US asbestos bill draws big lobby spendingPublished by MAC on 2003-11-12
US asbestos bill draws big lobby spending
Planet Ark (Reuters)
November 12, 2003
Washington - U.S. businesses and insurers have spent millions of dollars lobbying on Capitol Hill this year for an asbestos litigation reform bill now locked in a stalemate, lobbying disclosure forms and spokesmen say.
A group of companies called the Asbestos Study Group reported spending $5.56 million in the first half of 2003 on lobbying for legislation to end asbestos lawsuits, making the group one of the top spenders, according to disclosure forms.
The American Insurance Association meanwhile has spent about $1.3 million on lobbying for an asbestos reform bill this year, spokeswoman Julie Rochman said this week.
Business and insurers favor a proposal to pay asbestos claims out of a trust fund that they would finance, rather than continuing to pay victims' claims in court. But labor leaders have rejected the money offered for the fund as too small, stalling the bill before it could reach the Senate floor.
The latest proposal for the fund's size was $114 billion. "I would think asbestos is one of the most expensive lobbying fights this year, along with energy and Medicare-prescription drugs," said Steve Weiss, spokesman for the Center for Responsive Politics, which follows money in politics. PolitcialMoneyLine.com, which tracks spending totals from lobbying reports, said the Asbestos Study Group was the 11th biggest lobby spender in the first half of 2003, along with organizations like the American Medical Association and the Pharmaceutical Research and Manufacturers of America.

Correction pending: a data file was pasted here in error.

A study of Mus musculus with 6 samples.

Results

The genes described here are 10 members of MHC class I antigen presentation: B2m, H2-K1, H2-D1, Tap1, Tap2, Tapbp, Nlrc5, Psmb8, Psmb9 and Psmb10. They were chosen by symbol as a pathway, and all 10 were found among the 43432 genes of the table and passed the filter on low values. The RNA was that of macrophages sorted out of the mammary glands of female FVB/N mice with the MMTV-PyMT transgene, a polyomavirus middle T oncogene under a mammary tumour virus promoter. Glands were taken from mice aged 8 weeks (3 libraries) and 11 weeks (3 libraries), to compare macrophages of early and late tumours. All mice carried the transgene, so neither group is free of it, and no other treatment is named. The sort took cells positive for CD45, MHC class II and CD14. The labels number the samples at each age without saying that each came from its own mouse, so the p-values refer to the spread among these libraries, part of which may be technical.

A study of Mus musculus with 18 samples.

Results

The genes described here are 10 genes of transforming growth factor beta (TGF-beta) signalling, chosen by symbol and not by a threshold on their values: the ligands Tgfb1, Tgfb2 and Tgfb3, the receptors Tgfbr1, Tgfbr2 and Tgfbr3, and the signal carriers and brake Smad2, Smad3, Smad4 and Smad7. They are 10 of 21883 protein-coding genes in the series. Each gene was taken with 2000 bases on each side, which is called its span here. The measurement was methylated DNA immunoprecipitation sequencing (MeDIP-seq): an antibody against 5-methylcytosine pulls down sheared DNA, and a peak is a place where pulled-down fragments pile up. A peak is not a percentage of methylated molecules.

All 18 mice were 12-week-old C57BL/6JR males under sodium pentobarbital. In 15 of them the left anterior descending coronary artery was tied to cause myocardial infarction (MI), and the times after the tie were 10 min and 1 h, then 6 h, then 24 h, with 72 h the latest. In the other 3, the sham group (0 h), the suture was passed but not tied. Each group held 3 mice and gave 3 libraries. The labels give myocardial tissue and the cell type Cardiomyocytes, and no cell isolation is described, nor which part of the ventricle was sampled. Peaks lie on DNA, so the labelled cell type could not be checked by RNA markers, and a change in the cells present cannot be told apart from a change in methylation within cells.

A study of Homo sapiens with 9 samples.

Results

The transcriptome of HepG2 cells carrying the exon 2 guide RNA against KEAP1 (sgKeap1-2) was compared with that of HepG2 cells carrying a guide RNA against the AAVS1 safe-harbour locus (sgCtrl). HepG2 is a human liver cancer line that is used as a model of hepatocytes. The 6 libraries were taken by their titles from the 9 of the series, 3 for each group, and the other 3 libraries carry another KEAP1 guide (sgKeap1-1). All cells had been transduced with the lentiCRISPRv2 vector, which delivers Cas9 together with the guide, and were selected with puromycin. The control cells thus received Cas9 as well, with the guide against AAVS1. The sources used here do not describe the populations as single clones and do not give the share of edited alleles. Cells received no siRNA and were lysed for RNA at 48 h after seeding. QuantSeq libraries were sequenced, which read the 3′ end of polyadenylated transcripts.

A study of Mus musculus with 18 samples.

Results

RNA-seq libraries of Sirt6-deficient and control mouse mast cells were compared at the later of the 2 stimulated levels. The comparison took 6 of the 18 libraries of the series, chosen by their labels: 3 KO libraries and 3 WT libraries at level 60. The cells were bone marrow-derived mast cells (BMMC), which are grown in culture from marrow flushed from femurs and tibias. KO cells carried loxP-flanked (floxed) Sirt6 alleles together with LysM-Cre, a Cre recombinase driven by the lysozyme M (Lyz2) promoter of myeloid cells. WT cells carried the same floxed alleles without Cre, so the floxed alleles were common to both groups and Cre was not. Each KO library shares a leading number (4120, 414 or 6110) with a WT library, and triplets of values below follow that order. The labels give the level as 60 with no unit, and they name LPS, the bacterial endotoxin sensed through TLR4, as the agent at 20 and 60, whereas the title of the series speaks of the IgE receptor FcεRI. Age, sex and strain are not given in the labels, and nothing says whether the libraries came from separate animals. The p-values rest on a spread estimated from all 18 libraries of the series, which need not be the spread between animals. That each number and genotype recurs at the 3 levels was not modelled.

Asbestos was widely used for fireproofing and insulation until the 1970s. Scientists have concluded that inhaled fibers could be linked to cancer and other diseases.
Asbestos injury claims have cost over $54 billion in settlements so far and driven 69 U.S. companies into bankruptcy.
The Asbestos Study Group is a coalition of companies that generally did not manufacture asbestos, but acquired asbestos liabilities through acquisitions, or by using the mineral in products such as turbines. Its members include Halliburton, Honeywell, Viacom and General Motors Joel Johnson, a spokesman for the Asbestos Study Group, said most of the $5.56 million spent was dedicated to attorneys analyzing proposals and how they affect various companies.
Asbestos manufacturers in the Asbestos Alliance reported spending less - just $180,000 - on lobbying in the first half of 2003, according to forms filed with the government. On the other side of the asbestos battle are trial lawyers who bring claims on behalf of those exposed to the mineral, and who oppose a trust fund that would end their ability to do so.
The Association of Trial Lawyers of America spent an estimated $250,000 on lobbying on the asbestos issue in the first half of 2003, said spokesman Carlton Carl. Labor unions reported spending over $10 million in their lobbying efforts in the first half of 2003, according to PoliticalMoneyLine.com, but this was on all topics, not just asbestos.